Catholic Philippines hit hard by HIV epidemic
By ANN News Desk
09 March 2017

MANILA (Philippine Inquirer/ANN News Desk) - The Philippines saw its highest rate of HIV transmission for the month of January since 1984 – a sign of its growing HIV epidemic amongst youth and men who have sex with men. 

Cases of HIV infection continue to rise in the Philippines, with 844 new cases reported in January – the highest number since 1984, according to the Department of Health (DOH).

In effect, an average of 27 cases were reported every day that month.

The numbers underline what has been called an “HIV epidemic” by organisations like Human Rights Watch as the Philippines has failed to address one of the highest rates of transmission in the Asia-Pacific. 

Data show that from 1984 to October 2016, a total of 38,114 HIV cases were recorded, with 32,099 cases – 84% – tallied from 2011 to 2016.  Among 15 to 24 years olds, there were 10,279 HIV cases during the period, of which 9,066 – 88% – were tallied since 2011.

HIV transmission disproportionately impacts men who have sex with men (MSM) in the Philippines, according to government data. In January, ninety-six percent of the cases were males. More than half belonged to the 25-34 year age group while 31 percent were aged 15 to 24 years.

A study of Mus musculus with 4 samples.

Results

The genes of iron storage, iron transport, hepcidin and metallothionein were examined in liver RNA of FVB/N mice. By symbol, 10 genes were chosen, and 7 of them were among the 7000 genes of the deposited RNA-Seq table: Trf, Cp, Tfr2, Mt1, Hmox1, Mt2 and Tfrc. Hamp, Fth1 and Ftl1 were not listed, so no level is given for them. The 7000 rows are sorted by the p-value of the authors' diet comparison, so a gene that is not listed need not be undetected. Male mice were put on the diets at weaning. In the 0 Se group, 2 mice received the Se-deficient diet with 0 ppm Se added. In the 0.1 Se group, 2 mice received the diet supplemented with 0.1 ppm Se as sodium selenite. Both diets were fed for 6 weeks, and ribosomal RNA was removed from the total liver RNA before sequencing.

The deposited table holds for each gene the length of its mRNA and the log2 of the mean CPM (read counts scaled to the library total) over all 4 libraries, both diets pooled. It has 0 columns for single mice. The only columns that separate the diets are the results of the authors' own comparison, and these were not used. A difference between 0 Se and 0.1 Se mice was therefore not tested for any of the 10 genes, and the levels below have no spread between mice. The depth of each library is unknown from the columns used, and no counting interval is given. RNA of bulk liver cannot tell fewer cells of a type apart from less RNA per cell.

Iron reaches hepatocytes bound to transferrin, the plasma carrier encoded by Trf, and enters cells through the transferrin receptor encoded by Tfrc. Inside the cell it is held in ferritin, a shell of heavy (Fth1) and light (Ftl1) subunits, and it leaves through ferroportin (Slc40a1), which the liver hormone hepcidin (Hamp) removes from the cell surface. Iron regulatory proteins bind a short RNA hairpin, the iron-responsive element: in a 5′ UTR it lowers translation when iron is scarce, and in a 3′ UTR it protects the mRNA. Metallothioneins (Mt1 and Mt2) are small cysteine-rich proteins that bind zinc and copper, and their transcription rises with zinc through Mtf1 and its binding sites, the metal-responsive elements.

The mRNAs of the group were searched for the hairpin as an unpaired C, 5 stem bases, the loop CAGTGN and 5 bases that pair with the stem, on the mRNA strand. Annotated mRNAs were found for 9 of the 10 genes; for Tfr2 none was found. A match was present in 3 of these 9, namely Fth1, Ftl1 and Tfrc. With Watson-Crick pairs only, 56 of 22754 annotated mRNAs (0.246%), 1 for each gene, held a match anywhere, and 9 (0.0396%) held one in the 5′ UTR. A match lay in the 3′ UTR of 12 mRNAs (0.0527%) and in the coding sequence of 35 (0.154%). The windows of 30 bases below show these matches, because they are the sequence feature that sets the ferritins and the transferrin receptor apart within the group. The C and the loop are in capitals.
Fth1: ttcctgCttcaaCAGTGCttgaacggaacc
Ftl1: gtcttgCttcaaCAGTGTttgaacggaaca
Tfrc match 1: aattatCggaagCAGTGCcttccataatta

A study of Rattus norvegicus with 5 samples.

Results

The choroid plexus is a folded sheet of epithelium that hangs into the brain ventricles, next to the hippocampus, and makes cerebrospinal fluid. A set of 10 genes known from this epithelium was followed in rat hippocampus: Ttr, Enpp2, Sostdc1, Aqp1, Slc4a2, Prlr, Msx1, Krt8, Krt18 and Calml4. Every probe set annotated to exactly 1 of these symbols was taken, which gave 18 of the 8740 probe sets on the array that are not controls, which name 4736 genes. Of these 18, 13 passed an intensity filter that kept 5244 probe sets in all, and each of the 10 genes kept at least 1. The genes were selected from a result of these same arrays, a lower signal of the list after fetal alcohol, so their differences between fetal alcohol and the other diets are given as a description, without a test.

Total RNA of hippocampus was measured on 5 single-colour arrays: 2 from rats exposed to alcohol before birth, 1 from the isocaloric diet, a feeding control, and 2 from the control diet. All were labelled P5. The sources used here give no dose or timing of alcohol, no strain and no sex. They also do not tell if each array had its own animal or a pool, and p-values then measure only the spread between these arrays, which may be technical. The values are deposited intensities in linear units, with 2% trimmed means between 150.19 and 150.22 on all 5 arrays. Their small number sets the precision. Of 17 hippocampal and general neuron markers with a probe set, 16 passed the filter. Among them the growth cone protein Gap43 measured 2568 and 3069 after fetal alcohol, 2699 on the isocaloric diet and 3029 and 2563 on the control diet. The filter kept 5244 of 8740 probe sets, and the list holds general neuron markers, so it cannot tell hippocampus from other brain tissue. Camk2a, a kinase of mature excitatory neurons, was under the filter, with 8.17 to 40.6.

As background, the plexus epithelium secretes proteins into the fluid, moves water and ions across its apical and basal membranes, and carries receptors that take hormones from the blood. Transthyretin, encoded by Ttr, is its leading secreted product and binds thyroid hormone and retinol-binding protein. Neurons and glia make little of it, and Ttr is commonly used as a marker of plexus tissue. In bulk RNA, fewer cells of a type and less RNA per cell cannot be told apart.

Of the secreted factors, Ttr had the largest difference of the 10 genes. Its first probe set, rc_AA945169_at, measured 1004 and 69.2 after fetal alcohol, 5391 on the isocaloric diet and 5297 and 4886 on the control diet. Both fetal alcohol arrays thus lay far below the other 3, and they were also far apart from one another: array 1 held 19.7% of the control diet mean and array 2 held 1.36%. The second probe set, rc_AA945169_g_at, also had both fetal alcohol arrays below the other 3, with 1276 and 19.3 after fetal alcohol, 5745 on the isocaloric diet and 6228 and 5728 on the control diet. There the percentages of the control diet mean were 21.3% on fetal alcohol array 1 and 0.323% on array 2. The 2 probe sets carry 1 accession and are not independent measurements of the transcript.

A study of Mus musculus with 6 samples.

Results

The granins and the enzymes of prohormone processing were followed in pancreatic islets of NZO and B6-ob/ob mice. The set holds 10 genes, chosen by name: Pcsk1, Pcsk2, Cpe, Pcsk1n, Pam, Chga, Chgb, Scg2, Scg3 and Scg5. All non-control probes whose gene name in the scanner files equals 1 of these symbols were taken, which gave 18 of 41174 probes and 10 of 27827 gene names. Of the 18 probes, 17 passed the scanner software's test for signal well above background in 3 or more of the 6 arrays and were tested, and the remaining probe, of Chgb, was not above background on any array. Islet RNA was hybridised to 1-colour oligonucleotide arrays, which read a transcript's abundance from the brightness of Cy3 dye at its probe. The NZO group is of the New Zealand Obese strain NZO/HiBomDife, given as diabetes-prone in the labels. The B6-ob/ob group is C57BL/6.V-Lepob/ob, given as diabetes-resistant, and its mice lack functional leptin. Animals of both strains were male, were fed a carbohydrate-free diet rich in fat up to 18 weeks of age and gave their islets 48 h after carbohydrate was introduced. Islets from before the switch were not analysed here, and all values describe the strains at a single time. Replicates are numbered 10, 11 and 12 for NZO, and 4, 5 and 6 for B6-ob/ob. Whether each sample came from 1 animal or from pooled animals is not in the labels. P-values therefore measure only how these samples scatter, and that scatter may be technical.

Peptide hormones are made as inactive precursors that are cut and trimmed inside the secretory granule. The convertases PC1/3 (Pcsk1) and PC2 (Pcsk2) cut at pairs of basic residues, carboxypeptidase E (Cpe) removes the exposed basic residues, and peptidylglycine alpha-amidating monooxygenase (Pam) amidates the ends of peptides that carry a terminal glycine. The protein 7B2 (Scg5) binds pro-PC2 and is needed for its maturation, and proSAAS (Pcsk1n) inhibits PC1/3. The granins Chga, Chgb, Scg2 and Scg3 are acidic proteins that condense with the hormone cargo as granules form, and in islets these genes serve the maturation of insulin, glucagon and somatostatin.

The Philippines has long struggled to institute government-funded sexual education programs in the predominately Catholic country.

The Romanic Catholic Church continues to lobby against sexual education and condom use, according to Human Rights Watch, while conservative attitudes towards sex have kept many youth from engaging in open discussion about its risks. 

Parental consent is still needed to purchase condoms under the age of 18 and a recent move to distribute condoms in schools was blocked in February, according to Human Rights Watch. 

An absence of sexual education has had an impact on heterosexual couples as well, with teen pregnancy rates doubling between 2002 and 2014, according to the National Youth Commission. 

However, National Youth Commission chair Aiza Seguerra has called for the age for parental consent be lowered from 18 to 15 for an HIV test.